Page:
For centuries people have been commenting on the oxlip’s similarity to cowslips (Primula veris) and they have been described as cowslip stems with primrose flowers. They are members of the Primulaceae family of plants and so are related to moneywort or creeping Jenny and the scarlet pimpernel (Anagallis arvensis), all of which are native to Europe, including the British Isles. However oxlips are now mainly found in eastern counties, and are rare further south than Hertfordshire.
  Oxlips are used in the same ways as cowslips in traditional herbal medicine, and in 2008, 23rd September the European Medicines Agency published an assessment report on the tow and concluded that preparations containing the flowers could be regarded as safe as they have been used for more than thirty years without reports of deaths or adverse side effects other than allergies. They have been used for coughs and catarrh and bronchitis as well as for their diuretic properties and so were useful for gout and rheumatism. They have also been used for headaches and migraines and in fevers to promote sweat.
  The root extracts containing saponins have been found to have antibacterial and fungicidal effects too.
  The young leaves may be eaten raw or cooked as a vegetable, like spinach, or added to soups and stews. They have a mild flavour and can be found in woodlands in late winter and early spring.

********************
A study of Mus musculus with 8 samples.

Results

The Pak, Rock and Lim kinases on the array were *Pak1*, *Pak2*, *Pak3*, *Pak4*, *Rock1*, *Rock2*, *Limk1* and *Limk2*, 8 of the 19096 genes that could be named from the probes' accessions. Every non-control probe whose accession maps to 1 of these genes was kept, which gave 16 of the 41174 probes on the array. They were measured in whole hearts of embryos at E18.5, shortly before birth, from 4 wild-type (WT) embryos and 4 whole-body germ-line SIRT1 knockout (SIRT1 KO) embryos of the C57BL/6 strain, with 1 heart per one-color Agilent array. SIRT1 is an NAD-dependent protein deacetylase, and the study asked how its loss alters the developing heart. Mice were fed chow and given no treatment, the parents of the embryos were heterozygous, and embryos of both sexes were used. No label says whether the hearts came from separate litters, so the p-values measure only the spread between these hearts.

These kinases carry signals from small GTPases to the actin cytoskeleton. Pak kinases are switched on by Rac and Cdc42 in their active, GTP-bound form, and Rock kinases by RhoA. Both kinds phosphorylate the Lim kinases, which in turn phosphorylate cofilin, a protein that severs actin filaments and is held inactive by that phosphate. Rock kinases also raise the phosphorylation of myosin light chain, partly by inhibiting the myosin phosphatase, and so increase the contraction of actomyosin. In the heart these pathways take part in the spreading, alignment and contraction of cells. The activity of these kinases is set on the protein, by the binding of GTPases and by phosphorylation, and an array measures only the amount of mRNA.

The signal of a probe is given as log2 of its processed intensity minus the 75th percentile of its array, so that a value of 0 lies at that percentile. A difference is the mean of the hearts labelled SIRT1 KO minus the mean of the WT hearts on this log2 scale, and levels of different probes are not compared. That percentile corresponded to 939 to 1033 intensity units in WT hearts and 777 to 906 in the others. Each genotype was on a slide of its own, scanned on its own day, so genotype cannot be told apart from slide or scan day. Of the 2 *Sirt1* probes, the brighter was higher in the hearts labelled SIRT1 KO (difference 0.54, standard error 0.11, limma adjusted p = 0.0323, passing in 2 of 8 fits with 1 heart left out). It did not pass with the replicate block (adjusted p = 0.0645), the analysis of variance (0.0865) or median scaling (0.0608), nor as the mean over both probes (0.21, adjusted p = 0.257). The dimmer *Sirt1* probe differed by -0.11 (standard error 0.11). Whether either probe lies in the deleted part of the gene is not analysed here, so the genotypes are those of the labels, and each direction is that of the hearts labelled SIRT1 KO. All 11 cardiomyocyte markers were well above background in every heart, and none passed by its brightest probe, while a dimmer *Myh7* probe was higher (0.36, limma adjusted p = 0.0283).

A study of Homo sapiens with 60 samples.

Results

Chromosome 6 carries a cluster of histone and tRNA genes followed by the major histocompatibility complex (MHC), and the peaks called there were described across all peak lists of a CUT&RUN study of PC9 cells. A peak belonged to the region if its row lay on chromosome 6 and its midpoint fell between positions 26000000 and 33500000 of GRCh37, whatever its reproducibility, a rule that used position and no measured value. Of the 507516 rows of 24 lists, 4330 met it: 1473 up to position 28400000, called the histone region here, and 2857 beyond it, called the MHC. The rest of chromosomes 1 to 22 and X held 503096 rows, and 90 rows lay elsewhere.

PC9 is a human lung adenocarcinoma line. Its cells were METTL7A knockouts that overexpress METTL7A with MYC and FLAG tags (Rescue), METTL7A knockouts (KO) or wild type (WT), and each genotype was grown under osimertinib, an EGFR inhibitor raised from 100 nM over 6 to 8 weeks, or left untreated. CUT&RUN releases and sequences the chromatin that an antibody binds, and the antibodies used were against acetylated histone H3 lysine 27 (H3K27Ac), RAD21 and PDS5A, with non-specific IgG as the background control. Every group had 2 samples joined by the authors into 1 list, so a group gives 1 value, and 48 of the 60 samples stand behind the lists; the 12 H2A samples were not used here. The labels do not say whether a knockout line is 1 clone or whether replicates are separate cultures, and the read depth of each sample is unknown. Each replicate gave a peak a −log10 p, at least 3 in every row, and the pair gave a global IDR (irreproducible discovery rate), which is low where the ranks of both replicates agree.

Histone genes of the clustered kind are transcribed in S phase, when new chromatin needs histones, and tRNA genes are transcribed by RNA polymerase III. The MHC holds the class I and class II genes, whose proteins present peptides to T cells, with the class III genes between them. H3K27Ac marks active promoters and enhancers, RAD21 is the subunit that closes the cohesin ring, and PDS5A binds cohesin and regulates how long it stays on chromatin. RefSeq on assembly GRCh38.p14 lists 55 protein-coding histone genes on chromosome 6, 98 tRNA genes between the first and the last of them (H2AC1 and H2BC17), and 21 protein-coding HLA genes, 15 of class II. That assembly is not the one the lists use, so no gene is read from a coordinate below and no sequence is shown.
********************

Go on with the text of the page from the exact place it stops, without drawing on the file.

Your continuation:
Oxlips can mainly be found in ancient woodlands which have oak, ash, field maple and hazel as dominant tree species. Oxlips have a preference for shady places and are sometimes confused with the false oxlip (Primula x polyantha), but these have shorter stems and a deeper yellow or golden flower.
  Nicholas Culpeper the English herbalist writing in the 17th century had this to say about the oxlip, which he thought might have been a hybrid species: -
Government and virtues. It is a plant of Venus, and is good against disorders of the nerves. The root has the principal virtue; the country people boil this in ale, and give it for giddinesses of the head, with success. The juice of the plant, mixed with veinegar, is also used to snuff up the nose against head-achs. It is less violent than the juice of the primrose root, and answers the same purpose very well.”
  It would seem that this plant is safe to use, but cannot be taken from the wild because of its protected status. In former times, it was harvested in April and May when in flower and dried for later use. It is common to find oxlip and primrose in preparations with other herbs these days.